Texas stands for conservative government, an enthusiastic embrace of capitalism, and a long tradition of distance from federal authorities. However, the state with the lone star is also the largest energy producer in the US. If Texas were an independent country, it would be the world’s sixth largest energy producer. This is something to be proud of. As befits a large producer, Texas also has the highest energy consumption of all US states.
When, after an unprecedented cold snap, electricity provision collapsed, the lights and in particular the heating stopped, and people died, the shock was immense. On the political level, however, it wasn’t sadness or a sober assessment of the situation which dominated the headlines. By now, the US has become so polarized politically that not even major catastrophes allow room for pause and reflection. Instead, the blame game started immediately.
This was started by the Governor himself. With blackouts still persisting, he had already apprehended the culprit: renewable energy. The Washington Post (rightly) allocated four Pinocchios to his battle cry of “the windmills are frozen“, an honour so far mostly reserved for tweets of former President Trump. The New York Times and others tried (wrongly) to pass the blame back to fossil fuels.
It quickly became apparent that the cold had badly damaged all the fuels, as well as network infrastructure. There is nothing to argue about natural disasters – one would think. But now the critics of market-driven energy policies had sensed a possible change of fortunes in the air.
Twenty years ago Texas had reformed its power market. Ever since, power producers compete against each other; any divergence between electricity supply from them and electricity demand from customers is balanced by flexible prices.
This type of deregulation is widespread today. In one respect, however, liberalisation in Texas went further than elsewhere: in the Texas model the reserve capacity of the system is no longer established by an external, higher authority, for example a regulator. Instead, spare capacity is determined by the price mechanism: the rising prices which accompany any supply scarcity induce power producers to maintain a sufficient degree of spare capacity because otherwise they would miss out on possible extra profits.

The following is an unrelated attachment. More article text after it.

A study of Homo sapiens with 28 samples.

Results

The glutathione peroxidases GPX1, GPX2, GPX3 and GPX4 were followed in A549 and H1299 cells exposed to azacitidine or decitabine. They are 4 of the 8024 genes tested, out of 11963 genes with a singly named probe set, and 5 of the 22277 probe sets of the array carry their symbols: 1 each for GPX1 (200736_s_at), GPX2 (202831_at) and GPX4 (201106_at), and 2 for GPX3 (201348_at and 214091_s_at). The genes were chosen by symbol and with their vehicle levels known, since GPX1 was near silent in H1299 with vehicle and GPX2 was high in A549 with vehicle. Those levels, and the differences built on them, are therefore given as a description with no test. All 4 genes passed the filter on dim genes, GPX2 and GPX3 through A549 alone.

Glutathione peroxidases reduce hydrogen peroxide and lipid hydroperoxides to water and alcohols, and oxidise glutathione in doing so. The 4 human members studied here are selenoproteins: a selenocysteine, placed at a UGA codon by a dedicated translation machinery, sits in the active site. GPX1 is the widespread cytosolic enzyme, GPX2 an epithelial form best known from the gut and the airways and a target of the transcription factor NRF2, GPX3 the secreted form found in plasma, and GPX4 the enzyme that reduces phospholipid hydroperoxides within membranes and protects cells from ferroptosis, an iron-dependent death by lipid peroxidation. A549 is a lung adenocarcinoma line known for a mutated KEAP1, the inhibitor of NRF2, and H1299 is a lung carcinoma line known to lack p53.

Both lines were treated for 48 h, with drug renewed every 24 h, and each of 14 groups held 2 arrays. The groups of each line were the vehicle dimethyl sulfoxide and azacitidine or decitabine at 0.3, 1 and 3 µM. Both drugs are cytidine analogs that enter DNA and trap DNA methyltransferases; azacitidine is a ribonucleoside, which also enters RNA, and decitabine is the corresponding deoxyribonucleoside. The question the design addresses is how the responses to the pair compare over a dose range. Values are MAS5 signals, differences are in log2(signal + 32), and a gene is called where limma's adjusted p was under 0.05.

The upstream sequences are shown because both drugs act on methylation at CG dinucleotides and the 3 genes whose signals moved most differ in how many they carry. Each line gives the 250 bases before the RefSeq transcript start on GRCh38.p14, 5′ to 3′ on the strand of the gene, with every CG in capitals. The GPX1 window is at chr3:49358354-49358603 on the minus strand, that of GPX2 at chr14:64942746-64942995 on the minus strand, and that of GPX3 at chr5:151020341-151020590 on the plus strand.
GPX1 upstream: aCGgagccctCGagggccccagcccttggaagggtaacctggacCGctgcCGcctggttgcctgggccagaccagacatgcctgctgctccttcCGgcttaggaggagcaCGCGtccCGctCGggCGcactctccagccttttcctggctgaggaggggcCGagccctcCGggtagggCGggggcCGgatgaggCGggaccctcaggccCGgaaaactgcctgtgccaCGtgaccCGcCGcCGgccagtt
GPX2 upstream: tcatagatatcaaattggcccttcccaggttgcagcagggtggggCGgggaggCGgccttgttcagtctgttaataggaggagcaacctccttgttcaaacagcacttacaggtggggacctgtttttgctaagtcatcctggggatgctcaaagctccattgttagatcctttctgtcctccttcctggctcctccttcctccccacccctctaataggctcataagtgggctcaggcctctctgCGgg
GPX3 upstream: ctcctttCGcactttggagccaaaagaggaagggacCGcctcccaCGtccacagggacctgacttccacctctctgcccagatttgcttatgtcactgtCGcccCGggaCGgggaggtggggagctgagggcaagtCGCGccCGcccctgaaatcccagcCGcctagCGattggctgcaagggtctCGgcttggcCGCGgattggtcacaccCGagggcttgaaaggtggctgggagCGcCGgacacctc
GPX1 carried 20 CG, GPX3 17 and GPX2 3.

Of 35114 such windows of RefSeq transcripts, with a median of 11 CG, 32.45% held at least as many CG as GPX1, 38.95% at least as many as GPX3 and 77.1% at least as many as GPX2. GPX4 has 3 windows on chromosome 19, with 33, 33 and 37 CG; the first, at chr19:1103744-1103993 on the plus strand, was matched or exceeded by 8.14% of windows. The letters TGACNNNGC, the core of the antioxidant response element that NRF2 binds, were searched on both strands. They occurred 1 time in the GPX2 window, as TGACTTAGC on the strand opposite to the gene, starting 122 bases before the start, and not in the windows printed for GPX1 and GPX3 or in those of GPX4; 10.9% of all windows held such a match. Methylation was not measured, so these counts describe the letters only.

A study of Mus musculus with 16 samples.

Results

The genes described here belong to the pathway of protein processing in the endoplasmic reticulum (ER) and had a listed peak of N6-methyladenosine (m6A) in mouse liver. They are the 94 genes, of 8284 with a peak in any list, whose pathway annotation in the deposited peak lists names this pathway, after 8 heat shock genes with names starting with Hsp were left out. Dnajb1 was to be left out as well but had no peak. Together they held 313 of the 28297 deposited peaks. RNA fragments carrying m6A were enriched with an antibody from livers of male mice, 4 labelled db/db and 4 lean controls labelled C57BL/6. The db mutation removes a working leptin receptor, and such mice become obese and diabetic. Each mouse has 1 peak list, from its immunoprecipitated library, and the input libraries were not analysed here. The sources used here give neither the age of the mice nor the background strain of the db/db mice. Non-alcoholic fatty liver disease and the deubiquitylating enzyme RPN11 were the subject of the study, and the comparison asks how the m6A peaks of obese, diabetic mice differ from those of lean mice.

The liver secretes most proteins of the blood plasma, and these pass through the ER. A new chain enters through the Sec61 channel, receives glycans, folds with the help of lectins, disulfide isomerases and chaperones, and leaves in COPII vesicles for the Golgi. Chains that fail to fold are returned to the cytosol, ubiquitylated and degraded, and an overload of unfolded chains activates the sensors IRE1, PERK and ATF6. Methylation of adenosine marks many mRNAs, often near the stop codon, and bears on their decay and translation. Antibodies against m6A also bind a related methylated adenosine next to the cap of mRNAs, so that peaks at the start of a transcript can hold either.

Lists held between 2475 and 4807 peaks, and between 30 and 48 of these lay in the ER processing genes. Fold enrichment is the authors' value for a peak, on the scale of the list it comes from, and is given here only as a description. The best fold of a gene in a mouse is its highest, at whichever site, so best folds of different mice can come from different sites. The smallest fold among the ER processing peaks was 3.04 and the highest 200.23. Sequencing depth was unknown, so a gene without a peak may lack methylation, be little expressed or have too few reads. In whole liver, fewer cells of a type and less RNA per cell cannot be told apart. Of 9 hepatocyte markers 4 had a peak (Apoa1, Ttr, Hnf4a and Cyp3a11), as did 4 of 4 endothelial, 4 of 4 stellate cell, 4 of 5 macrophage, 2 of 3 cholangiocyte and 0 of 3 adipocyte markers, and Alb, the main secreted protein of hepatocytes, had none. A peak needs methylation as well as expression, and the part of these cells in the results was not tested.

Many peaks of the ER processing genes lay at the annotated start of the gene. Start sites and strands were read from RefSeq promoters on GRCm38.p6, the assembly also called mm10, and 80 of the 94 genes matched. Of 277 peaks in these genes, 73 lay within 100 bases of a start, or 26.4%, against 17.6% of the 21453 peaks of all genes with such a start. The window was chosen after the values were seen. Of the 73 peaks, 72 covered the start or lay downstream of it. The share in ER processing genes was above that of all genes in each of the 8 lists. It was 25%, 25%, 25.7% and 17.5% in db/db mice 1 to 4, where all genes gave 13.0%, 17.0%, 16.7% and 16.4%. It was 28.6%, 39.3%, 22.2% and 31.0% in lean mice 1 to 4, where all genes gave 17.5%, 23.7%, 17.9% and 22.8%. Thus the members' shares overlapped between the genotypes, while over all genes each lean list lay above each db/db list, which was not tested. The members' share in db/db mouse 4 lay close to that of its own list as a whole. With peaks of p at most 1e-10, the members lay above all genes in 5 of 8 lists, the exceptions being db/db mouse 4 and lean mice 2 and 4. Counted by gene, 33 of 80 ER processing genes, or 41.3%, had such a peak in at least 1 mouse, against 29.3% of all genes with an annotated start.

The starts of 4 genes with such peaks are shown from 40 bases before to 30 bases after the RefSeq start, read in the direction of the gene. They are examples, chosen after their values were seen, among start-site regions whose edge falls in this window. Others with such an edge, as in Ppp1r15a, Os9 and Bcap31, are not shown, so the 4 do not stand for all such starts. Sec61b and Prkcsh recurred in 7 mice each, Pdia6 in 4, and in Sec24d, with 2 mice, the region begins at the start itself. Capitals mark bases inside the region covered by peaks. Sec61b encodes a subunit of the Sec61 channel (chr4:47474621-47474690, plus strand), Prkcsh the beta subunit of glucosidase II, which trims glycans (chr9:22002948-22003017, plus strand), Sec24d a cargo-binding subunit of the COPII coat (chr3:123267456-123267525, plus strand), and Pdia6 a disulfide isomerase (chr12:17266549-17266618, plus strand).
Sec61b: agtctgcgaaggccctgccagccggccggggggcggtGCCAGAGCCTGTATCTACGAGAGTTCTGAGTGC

By the same token, to control cost, they will restrict reserve capacity to what is necessary. All things considered, this system has led to durably lower reserve capacity, in this way contributing to cost savings and to lower electricity prices. It has worked so well that increasingly it was discussed as a role model.
In more recent times, this was chiefly as a role model for the expansion of renewable energy. Wind and solar power need flexible capacity: the bigger their share in the power market, the bigger the cost advantages of the Texas model. For this reason as well, Texas is the largest producer of wind energy in the US not only because of its geography.
The noise of a political blame game therefore threatens to drown an important insight: sensible deregulation is helpful in increasing the share of renewable energy in a durable fashion.
Christof Ruhl is a Senior Research Scholar at Columbia University and Senior Fellow at the Harvard Kennedy School. He served as Global Head of Research at the Abu Dhabi Investment Authority, Group Chief Economist and Vice President at BP and the World Bank’s Chief Economist for Russia. The following piece appeared originally in Mr. Ruhl’s LinkedIn account and was published here with permission from the author.